Student Loan Interest Rates on the Rise: How High They’ll Go and What This Means to You
May 27, 2014

You might remember all the hubbub last summer about student loan interest rates – they were set to double and everyone pushed on Congress to find a permanent fix. Legislation passed that tied the rates to the 10 year Treasury note yield. In its first year, this left rates at a tolerable 3.86% for undergraduate loans, 5.41% for graduate level loans and 6.41% for PLUS loans. But as many experts said at the time, this was a short-term fix that would result in much higher rates in the long run and now this is about to come to unfortunate fruition.

Interest rate increases

CFPB says student loan interest rates are about to climb

This month there will be a Treasury bond auction and the outcome will determine the rates for the next 12 months of borrowing from July 2014 to June 2015. This will impact anyone borrowing in this period from incoming freshmen to rising college seniors, grad students and more. Consumer Financial Protection Bureau (CFPB) anticipates that rates will rise to 5.09% for undergrads, 6.64% for graduate students and 7.64% for PLUS loans. This is a rise of 31% for undergrads, 23% for graduate students and 19% for PLUS loans.

Granted, it’s not the doubling that we all feared would happen last summer, but it’s not good news. And, what’s worse, is that the underlying factor – the T-note yield – is expected to continue to rise. This most recent hike puts borrowers on the path to the doubling of rates we warned about last year. Last year, the threat was a rise from 3.4% to 6.8% but that was evaded with this legislative “fix” that may be worse in the long run than the situation it was trying to remedy.

So what does this mean and who does it impact?

If you’re all done borrowing, you don’t have to worry about this rate hike. Your rates are set when you take out your loans. What you should understand (and what many students that borrow do not) is that each year is another loan – a separate loan – and it can be at a different rate from other years you borrowed. The interest rate in effect when you take out the loan will be the rate you pay for the life of that loan unless you refinance.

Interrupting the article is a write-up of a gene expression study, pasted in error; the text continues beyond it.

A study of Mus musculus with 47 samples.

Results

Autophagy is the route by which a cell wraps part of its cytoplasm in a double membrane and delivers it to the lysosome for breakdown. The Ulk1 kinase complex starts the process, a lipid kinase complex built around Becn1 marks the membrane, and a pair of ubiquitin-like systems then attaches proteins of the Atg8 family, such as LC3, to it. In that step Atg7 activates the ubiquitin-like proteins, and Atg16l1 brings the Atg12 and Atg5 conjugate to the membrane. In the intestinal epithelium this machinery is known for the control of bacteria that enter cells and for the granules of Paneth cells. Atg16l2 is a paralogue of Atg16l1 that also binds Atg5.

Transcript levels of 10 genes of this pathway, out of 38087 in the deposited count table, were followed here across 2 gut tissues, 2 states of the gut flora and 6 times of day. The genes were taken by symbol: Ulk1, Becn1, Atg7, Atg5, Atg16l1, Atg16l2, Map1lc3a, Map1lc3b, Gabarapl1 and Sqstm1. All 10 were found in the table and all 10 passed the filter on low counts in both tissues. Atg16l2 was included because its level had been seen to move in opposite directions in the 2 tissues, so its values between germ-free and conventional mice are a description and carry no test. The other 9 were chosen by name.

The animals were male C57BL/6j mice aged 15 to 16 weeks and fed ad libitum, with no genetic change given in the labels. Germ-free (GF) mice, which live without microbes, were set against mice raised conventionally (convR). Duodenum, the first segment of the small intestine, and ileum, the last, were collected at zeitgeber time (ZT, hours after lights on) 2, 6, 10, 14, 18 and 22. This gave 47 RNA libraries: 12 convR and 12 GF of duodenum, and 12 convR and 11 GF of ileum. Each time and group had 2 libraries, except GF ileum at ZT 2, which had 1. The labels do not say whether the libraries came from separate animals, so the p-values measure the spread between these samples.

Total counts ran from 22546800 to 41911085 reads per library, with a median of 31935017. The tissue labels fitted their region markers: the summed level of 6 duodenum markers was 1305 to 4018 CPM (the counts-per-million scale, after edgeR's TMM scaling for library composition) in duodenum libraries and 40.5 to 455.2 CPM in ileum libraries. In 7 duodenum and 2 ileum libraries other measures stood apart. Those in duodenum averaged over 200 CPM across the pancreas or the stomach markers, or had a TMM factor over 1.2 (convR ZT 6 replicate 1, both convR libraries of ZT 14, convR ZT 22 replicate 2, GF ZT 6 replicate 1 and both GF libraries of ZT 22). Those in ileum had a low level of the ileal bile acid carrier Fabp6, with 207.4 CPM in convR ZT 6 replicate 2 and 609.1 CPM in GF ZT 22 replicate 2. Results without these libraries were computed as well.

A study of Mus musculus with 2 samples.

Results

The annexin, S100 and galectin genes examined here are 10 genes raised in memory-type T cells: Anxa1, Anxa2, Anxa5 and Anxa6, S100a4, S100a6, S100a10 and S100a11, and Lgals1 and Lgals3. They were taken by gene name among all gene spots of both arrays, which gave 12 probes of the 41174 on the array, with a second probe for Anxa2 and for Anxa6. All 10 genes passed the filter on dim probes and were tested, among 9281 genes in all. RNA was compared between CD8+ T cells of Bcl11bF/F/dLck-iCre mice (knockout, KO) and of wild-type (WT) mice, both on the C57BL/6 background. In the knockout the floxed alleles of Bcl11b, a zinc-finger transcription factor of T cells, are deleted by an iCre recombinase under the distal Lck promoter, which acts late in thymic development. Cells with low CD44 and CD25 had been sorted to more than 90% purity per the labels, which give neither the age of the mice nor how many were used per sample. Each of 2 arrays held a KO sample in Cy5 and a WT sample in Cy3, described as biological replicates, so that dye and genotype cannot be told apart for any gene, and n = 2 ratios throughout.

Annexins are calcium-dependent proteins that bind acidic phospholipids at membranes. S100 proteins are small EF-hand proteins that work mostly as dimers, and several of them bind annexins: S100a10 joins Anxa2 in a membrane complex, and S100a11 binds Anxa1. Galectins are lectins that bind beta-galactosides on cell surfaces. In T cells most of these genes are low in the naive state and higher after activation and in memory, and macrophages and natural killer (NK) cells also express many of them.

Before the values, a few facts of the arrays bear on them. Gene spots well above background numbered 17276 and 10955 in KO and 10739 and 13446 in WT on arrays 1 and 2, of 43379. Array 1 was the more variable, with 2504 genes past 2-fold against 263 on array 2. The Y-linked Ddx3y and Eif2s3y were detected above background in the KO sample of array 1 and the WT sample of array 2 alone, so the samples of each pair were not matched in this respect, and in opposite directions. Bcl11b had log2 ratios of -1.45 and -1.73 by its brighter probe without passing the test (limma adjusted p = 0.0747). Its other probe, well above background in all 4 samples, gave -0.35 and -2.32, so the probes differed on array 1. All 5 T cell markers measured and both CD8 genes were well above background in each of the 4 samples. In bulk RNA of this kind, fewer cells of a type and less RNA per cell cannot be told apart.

Even a consolidation doesn’t change your effective interest rate. Because a weighted average is used when consolidating loans, the effective rate you’ll pay remains unchanged. Refinance is the only way to pay a different rate than what the loans was issued at. If you’re still in school and borrowing to finance your education, this rate hike will hit you for any loans you take starting from July this year through June 2015.

It’s important to know that while interest rate is important in the total cost of your debt, what’s an even more important factor is the principal you borrow. The less you borrow, the better off you will be, particularly if interest rates do continue to rise. You should always be aware of the total debt you are in and work to minimize what you have to borrow.

Sign up for’s free student loan tool to track your debt throughout the student loan life cycle, see what your payments will be once you graduate and how much your debt will cost you in the long run. Be sure to read our blog for tips on borrowing less and check out our Student Loan Help center for info and guides on all things student loan-related.